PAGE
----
Master of suspense BarryEisler links two of his series together in the hard-hitting and compulsive thriller The Killer Collective and uncovers much more than a plot to kill a police investigator. Emotions ride high, and ironically, in the midst of explosions of all sorts, Eisler’s two unusual protagonists tangle with matters of the heart.
Readers of Eisler’s long-running “Rain” series will eagerly see the half-Asian John Rain discover he’s not really happy with retirement; when he gets a job offer, he sniffs the wind like a fire horse called back to the station. But the assignment involves killing a woman, a violation of his set-in-stone and well-known rule. Why would anyone think he’d accept such a job?
Before he’s quite figured out what’s happening behind the crime scene on this one, Livia Lone’s investigation leaps into focus. A Seattle sex-crimes detective, Livia bumps into an FBI sting that might force her to not make a move against a vicious child pornography ring. And not just “kiddie porn,” horrible as that is, but this ring is into hurting children, on film. Livia, a “survivor” of something similar, can’t possibly let this slide.
Soon both Rain and Livia are in touch with a former asset they’ve worked with, Dox, himself a former marine sniper. When the team expands to include Rain’s estranged lover (a Mossad agent), a pair of black-ops soldiers, and a formidable former commander, Special Operations legendary Colonel Scott Horton, the mixed motives and conflicting agendas make every planning session into a potential minefield of harsh opinions and strong actions.
Rain can see the dangers clearly—it’s part of his expertise, watching for clues into how people operate, and finding a way to get his goals met. Here, he’s assessing the interaction between SpecOps professionals Larison and Treven:
Larison was watching Treven. The irritation was gone from Larison’s expression, replaced by an odd flatness. I could imagine his calculus: If you’re not with us, you’re against us. And I could imagine the destination to which that logic must have already led him.As formidable as he was, that was Larison’s one weakness: you could read the danger he radiated. If I had decided to kill Treven, there would have been no changes in affect. I would hae kept trying to cajole him right up until it was done. But when Larison made a decision, if he wasn’t ghosting up on you from your flanks, you’d hae a chance to know his intent before he acted on it.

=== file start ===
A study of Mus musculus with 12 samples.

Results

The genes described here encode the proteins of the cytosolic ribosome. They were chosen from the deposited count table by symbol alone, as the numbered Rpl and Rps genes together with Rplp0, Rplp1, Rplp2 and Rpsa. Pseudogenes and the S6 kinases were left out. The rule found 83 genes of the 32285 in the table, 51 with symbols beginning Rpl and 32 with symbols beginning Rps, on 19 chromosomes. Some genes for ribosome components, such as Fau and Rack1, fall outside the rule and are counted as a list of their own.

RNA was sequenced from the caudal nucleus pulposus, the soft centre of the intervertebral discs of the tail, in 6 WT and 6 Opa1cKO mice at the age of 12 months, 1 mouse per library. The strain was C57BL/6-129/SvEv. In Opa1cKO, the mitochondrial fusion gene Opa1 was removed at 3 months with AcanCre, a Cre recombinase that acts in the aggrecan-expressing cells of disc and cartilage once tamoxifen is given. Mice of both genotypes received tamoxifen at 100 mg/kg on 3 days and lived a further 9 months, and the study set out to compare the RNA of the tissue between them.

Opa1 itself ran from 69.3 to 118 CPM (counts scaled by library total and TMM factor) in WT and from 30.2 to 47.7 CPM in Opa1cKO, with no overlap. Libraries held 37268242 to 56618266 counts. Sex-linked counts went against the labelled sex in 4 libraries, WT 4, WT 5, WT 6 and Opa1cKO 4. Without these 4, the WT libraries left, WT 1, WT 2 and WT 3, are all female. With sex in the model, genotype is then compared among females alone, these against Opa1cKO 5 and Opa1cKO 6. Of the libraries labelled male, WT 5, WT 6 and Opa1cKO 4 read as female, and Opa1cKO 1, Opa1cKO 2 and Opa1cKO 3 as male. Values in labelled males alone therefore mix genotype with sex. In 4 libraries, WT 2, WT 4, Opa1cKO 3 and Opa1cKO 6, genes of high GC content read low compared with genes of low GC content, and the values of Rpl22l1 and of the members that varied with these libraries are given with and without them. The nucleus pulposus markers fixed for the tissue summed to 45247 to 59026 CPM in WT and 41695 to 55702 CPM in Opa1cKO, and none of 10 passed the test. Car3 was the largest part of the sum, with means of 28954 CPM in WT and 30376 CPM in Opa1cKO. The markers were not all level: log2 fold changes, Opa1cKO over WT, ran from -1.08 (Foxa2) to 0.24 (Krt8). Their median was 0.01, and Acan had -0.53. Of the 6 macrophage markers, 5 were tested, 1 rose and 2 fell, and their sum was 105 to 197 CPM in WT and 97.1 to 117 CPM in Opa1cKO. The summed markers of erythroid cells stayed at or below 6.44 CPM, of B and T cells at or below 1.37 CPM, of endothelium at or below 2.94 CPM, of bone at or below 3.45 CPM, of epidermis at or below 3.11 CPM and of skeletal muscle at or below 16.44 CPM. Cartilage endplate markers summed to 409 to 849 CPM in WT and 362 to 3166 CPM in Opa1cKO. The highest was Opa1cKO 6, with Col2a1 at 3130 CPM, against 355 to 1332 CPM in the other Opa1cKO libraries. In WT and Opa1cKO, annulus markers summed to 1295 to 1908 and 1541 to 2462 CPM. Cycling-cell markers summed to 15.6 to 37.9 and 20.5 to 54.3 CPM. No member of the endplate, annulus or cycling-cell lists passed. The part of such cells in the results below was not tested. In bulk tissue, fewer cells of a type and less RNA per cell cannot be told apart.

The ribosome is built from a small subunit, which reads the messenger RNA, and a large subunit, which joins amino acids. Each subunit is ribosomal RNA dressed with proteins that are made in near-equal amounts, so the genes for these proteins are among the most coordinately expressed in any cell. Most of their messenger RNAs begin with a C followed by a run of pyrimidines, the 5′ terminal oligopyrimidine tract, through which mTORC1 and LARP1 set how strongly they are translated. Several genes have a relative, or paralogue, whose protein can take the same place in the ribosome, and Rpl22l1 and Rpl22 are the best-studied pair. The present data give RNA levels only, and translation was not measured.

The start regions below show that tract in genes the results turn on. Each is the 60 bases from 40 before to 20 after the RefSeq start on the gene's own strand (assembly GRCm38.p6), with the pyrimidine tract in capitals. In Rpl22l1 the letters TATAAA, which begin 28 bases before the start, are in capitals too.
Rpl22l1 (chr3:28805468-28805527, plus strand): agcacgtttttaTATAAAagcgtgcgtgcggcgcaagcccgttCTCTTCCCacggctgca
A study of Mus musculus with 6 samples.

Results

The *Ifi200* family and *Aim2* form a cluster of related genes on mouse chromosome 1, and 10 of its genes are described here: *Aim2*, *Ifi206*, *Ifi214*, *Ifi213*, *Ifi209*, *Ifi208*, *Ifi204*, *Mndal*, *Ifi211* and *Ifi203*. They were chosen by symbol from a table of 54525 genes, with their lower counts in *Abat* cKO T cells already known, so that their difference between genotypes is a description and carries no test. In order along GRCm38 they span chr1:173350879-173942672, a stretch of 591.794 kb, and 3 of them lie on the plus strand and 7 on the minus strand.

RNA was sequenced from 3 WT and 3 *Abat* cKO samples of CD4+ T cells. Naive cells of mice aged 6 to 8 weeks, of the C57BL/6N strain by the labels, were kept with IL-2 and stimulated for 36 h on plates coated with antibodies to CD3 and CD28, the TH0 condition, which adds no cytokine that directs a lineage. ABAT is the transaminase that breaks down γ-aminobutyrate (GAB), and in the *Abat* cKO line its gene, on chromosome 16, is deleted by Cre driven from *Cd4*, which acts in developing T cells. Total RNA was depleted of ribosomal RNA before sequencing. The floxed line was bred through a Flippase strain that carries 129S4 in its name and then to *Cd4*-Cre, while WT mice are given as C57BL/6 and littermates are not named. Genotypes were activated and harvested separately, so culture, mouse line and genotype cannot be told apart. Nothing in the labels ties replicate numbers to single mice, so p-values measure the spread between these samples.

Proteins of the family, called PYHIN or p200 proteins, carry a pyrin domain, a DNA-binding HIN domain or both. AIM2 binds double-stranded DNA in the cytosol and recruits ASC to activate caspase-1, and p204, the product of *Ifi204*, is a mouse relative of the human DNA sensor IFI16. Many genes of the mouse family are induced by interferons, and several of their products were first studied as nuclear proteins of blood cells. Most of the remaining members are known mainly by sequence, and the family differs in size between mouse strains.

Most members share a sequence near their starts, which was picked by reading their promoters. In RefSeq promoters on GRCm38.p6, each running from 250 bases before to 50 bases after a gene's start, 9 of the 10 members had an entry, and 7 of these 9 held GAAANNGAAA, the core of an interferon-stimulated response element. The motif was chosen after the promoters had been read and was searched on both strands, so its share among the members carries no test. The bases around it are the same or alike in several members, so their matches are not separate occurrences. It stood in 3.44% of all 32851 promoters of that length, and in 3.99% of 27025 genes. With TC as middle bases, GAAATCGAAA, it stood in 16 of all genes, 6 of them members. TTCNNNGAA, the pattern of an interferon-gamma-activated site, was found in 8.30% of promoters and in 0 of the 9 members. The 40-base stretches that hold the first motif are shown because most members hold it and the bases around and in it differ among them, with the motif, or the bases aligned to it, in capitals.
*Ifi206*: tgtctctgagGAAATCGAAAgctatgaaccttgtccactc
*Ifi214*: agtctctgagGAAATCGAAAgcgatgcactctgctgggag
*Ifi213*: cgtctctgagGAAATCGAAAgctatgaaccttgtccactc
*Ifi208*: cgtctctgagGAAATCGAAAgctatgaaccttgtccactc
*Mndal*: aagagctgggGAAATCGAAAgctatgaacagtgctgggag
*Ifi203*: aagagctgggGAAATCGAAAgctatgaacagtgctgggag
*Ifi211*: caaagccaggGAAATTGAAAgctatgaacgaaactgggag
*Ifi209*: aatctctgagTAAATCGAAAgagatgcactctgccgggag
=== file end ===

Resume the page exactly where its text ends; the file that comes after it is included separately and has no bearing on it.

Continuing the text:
Dangerous as these allies are, Rain and Livia are at least as dangerous to those around them, each in pursuit of a different form of justice. And each is someone you need to stand well away from, if you’re having to wake them up, because they always come awake fighting.
This dangerous and driven collaborative of agents, motivated to save Livia and cut off the hydra heads of the porn ring trying to assassinate her, become Eisler’s “killing collective.” Page after page, explosion and killing and escape after another, this sharp-edged storyteller pulls off one of the great escapades of all time and sets it in Paris, for extra verve.
And if, afterward, the notion seems unlikely, the collective too dangerous, the odds of success against it—that part won’t matter. The fun of Eisler’s super thriller is in the excitement, the chase, and the survival. The Killer Collective binds it together it into a blazing adventure of espionage escape fiction, perfect to start the new year.
From Thomas & Mercer, January 1 publication.